Developed by Lauren Berry who was a registered physical therapist . He looked at the body in terms of a structural engineering problem that could be fixed and often thought of himself as more of a mechanic. He began learning at the age of 6 from a neighbor who was a physician and osteopath. He then worked on his mother with great success. His neighbors all became clients. At an early age he wasn’t really sure what he was doing, but he began studying anatomy and physiology. He became friends with a boy he fixed who’s dad happened to be head of the coroner’s office. He gained access to autopsy rooms and studied cadavers extensively. His work is carried on by his students.
Bindegewebs massage/Connective Tissue Reflex Massage
Developed by Elizabeth Dicke, a German physiotherapist, in the 1930’s. The work is based on the theory that any disruption or imbalance in any part of the body affects the entire system. The theory uses reflex zones or dermatomes of the connective tissue to locate problem areas. Certain areas on the body have sensory/motor neuron links to the spinal cord where they reflex with the neurons of the organs.
Developed by Alexander Lowen who studied with Wilhelm Reich. Bioenergetics is a way of looking at personality through the body and its processes. The work is based on the premise that all bodily cells record emotional or energetic reactions. Movement can stimulate the repressed energy and release the energy. Breathing, exercise and psycho-therapy is used to heal and release the blockages that are created in the body.
A subtle and gentle muscle/ nerve/ connective tissue technique developed by Thomas Bowen of Australia. The work is non-invasive and performed through the clothing. Treatment consists of a specific sequence of rolling moves done across superficial muscles, tendons and nerves.
A theory of how it works is similar to the theories of homeopathy. The therapist is introducing techniques that act as a microscopic irritant into the system (because they are so gentle and affect the parasympathetic autonomic nervous system). The nervous systems is alerted by these moves and reflexively responds, reorganizing deeper structures. There are specific instructions that accompany this therapy consisting of many do’s and don’t s, one of which states that stronger application of any massage, heat or ice, after treatment will cancel the self correcting response. If the irritant has been soothed away, the body no longer has a compulsion to reorganize for it is the surge of parasympathetic energy that accounts for much of the healing response.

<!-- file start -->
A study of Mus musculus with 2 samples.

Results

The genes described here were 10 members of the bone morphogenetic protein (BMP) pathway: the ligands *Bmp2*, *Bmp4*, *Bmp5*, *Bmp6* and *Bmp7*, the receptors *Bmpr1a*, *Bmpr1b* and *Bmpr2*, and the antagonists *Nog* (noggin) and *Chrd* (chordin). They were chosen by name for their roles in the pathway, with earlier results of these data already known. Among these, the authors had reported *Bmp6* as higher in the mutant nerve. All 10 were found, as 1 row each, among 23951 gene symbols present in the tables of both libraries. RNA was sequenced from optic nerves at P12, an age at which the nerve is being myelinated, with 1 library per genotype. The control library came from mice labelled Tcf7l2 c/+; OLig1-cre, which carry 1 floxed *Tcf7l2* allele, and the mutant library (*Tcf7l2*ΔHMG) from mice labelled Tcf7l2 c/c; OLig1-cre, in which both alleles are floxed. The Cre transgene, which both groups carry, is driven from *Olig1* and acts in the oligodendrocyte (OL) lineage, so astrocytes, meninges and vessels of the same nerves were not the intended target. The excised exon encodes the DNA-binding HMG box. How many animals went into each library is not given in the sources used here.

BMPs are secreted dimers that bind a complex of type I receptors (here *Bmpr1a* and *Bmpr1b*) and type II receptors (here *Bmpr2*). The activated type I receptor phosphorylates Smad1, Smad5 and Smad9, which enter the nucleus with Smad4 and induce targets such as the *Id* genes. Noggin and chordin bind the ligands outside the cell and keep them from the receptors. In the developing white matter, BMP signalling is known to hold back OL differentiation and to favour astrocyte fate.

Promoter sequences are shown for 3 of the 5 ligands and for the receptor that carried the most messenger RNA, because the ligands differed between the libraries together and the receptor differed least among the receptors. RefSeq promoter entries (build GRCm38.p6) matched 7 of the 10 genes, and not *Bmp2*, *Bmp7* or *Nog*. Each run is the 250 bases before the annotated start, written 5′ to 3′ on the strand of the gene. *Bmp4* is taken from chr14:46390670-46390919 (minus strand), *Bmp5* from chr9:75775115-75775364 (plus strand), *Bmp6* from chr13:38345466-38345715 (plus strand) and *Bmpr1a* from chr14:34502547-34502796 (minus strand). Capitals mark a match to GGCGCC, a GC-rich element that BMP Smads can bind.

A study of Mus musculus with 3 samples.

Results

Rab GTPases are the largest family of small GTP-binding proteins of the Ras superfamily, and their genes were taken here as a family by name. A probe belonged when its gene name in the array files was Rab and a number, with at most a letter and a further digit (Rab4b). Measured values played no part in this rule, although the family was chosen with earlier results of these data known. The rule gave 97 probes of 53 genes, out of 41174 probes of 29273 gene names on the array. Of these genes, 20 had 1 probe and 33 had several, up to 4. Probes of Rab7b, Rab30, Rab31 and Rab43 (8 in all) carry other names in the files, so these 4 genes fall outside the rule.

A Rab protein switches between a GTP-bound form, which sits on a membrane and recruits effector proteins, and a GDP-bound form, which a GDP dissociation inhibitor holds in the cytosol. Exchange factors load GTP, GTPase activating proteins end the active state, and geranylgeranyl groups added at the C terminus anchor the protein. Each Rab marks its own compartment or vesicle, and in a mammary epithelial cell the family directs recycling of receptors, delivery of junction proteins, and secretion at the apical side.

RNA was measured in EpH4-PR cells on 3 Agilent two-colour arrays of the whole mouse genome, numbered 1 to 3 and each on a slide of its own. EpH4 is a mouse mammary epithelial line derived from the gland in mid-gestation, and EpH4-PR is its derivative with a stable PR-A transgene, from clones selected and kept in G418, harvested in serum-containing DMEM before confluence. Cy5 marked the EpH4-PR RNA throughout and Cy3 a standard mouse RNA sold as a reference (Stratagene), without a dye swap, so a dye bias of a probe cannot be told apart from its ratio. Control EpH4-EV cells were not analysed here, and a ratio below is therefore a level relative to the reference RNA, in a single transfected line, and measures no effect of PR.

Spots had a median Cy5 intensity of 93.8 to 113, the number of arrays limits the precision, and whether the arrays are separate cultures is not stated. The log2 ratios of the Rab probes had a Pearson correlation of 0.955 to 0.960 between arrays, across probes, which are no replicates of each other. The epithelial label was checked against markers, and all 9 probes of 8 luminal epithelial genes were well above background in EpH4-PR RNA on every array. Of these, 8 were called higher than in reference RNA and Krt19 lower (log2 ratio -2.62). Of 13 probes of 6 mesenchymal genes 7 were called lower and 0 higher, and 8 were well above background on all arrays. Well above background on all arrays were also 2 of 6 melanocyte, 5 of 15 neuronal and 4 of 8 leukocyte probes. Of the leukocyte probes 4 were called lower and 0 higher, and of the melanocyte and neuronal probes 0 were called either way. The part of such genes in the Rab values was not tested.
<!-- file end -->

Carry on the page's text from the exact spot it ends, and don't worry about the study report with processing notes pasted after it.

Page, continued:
Massaging the breast tissue was once thought to be too sexual in nature, now is a necessary treatment for the prevention and treatment of breast cancer. The ribs under the breasts and along the sides of the breast need to be cleared of toxin buildup. The sternum, clavicle and armpit area are addressed to facilitate lymph flow. Massage can also be used to assist in recovery of mastectomies and breast surgeries.
Breema is known as “the art of being present.” Breema bodywork and Self-Breema exercises are safe, nurturing, and energizing, using natural movements and the relaxed weight of the body instead of force. They create balance and harmony between mind, body, and feelings, and provide an ideal opportunity to work with and experience the Nine Principles of Harmony. These universal principles are the key to Breema’s vitalizing effects on both practitioner and recipient, and to discovering a new openhearted, open-minded relationship to life. Breema sequences are received fully clothed on a padded floor.
Practiced by the Kurdish villagers of Breemava, where it originated. It was brought to the US by Malicheck Mooshan who was trained in this technique by his grandfather. Each generation had one master and passed the work on through generations. The work activates the body’s self healing forces using rhythmic movements, percussive tapping, gentle stretches, and lean and hold releases. Breema views the body as an energy system. The goal of therapy is to revitalize and reawaken every cell. Therapy consists of two parts: Bodywork and exercises. Training emphasizes the experience and healing of the practitioner, body-mind unity and touching non-judgementally. Treatments are done with the client fully clothed and on a padded floor.